It’s no secret the COVID-19 pandemic had a profoundly negative effect on Black women, but one area that wasn’t discussed: Black women who die while giving birth.
According to newly released data from the Centers For Disease Control and Prevention (CDC), Black Americans represent 13% of the population but account for almost one-third of total maternal deaths in the U.S. Additionally, pregnancy-related deaths among Black women have increased from 44 per 100,000 in 2019 to 55.3 per 100,000 in 2020.
Many of the reasons for pregnancy-related deaths can be attributed to systemic racism in the healthcare industry.
Additional research indicated Black women often struggle to get the right diagnosis, have symptoms dismissed or ignored by doctors, and the statistics back it up. Black women are more likely to give birth prematurely, have emergency C-Sections, and are less likely to be treated for pain.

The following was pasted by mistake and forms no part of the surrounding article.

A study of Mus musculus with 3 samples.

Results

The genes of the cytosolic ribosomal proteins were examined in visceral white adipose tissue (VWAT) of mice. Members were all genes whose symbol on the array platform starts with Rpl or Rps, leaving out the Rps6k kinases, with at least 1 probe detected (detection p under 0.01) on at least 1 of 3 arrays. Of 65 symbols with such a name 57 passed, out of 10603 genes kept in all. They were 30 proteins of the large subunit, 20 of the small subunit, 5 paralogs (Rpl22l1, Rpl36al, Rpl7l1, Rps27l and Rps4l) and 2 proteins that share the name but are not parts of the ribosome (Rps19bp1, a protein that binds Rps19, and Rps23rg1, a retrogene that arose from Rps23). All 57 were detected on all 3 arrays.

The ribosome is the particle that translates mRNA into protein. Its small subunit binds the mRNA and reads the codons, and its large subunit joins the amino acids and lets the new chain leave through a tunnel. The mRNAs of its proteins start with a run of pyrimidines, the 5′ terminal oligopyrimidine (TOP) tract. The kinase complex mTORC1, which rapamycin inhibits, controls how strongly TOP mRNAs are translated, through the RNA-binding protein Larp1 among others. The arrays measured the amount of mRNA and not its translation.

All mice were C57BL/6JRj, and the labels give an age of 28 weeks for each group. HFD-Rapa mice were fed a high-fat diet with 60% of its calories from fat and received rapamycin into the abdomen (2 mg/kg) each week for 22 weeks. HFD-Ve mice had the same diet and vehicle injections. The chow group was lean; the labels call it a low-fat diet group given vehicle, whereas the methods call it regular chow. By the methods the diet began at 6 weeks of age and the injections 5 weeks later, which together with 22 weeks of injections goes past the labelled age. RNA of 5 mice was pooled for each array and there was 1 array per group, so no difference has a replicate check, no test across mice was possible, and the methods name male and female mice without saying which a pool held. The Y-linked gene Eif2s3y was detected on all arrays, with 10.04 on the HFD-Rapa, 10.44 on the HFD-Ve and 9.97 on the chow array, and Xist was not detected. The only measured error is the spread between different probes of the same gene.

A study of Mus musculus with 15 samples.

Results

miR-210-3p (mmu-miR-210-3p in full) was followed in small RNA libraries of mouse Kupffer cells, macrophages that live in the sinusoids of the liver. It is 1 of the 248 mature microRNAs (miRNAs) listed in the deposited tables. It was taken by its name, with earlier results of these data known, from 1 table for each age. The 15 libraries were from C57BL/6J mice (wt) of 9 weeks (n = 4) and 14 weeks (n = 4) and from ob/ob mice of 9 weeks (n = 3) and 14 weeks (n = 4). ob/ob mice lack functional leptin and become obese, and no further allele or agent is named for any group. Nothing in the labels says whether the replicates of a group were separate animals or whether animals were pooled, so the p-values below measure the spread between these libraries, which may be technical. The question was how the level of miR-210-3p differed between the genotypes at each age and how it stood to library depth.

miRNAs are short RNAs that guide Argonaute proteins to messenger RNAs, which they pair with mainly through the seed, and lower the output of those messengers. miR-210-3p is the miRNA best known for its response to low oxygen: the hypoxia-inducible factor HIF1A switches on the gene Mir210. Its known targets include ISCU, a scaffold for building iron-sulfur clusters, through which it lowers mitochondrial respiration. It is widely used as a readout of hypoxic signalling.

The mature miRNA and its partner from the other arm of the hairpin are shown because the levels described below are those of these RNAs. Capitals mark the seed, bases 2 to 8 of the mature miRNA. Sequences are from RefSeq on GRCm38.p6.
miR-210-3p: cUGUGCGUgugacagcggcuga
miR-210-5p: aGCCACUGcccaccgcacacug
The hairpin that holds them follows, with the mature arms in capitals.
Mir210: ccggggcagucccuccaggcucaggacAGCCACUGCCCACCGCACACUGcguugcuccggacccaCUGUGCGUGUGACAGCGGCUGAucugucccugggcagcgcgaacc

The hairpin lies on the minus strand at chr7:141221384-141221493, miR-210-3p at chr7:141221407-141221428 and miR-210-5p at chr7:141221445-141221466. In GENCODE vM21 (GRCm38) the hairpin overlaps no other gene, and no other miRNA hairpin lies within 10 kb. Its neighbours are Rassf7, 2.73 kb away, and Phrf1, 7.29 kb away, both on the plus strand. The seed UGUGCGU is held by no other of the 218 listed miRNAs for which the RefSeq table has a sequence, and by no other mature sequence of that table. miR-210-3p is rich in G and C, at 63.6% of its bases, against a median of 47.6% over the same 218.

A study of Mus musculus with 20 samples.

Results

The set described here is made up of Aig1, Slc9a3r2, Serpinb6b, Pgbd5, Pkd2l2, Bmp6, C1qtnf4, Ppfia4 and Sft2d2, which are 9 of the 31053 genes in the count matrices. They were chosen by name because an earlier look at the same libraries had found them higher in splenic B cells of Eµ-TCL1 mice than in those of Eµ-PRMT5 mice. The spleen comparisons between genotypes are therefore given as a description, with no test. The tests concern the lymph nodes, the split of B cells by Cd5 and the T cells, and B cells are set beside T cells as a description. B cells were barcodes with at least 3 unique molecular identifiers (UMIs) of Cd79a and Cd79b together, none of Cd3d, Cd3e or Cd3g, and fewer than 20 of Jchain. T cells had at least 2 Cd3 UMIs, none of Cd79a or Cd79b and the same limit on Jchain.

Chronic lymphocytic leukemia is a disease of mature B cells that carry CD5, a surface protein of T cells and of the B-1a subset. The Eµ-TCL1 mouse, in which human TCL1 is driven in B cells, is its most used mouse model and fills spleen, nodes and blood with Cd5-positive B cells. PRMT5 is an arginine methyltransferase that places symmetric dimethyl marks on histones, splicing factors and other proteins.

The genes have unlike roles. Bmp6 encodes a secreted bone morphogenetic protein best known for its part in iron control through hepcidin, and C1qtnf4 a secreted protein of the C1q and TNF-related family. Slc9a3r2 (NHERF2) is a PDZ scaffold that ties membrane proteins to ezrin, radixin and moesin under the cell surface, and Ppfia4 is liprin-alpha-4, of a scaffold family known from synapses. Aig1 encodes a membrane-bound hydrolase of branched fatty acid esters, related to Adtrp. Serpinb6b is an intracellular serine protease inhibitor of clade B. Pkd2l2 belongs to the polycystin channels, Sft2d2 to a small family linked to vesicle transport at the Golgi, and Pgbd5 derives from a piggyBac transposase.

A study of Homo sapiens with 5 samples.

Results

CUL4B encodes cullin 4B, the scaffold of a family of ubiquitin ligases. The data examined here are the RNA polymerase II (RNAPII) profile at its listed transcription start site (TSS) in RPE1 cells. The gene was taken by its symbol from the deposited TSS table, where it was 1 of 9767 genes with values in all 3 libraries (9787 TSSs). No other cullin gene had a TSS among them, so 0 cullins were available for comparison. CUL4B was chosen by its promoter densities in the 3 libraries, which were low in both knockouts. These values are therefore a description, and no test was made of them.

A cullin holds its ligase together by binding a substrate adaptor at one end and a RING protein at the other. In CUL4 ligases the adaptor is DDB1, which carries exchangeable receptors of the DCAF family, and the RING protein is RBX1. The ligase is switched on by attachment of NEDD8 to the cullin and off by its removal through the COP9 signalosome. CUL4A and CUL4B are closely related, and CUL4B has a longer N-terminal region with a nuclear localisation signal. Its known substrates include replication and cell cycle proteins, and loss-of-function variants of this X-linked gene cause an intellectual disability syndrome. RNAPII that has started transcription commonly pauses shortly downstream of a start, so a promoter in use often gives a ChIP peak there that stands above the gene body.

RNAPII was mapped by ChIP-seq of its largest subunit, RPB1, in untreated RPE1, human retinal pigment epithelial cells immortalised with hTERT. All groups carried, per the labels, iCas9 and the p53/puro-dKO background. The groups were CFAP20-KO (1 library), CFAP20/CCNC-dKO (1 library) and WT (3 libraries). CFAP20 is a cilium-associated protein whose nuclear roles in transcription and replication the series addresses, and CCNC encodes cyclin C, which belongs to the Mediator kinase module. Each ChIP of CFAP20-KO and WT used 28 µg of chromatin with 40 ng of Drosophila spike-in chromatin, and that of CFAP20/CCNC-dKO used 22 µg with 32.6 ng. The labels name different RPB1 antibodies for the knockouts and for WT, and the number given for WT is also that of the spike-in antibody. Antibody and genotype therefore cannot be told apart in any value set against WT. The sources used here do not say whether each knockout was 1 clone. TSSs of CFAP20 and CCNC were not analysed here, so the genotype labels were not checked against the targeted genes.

These statistics have led Black women to take more control of their pregnancies and start looking for alternative options to childbirth. Laila (who requested to be called by her first name to hide her identity), who’s in her second trimester, told NBCLX she was determined to control her pregnancy, hiring a doula, whose top responsibility is to support the mother during pregnancy and birth.
Black women have been turning to doulas in increasing numbers, and studies show doulas improve pregnancy outcomes, specifically for women of color. Laila is also working with a birthing center that includes a racially diverse group of midwives for prenatal care and delivery.
Many Black women across the U.S. are making similar decisions, hiring other women of color who have given birth more than once, knowing what women are going through during labor, and listening to their concerns and requests. In hospitals, the doctor controls the situation and, as a result, often won’t listen to a Black mother concerning pain management during labor and childbirth.
Doulas and minority midwives can make women feel more protected when giving birth, providing a comfortable environment instead of a cold, white hospital room, which could lead to a shift in birthing services in the medical industry.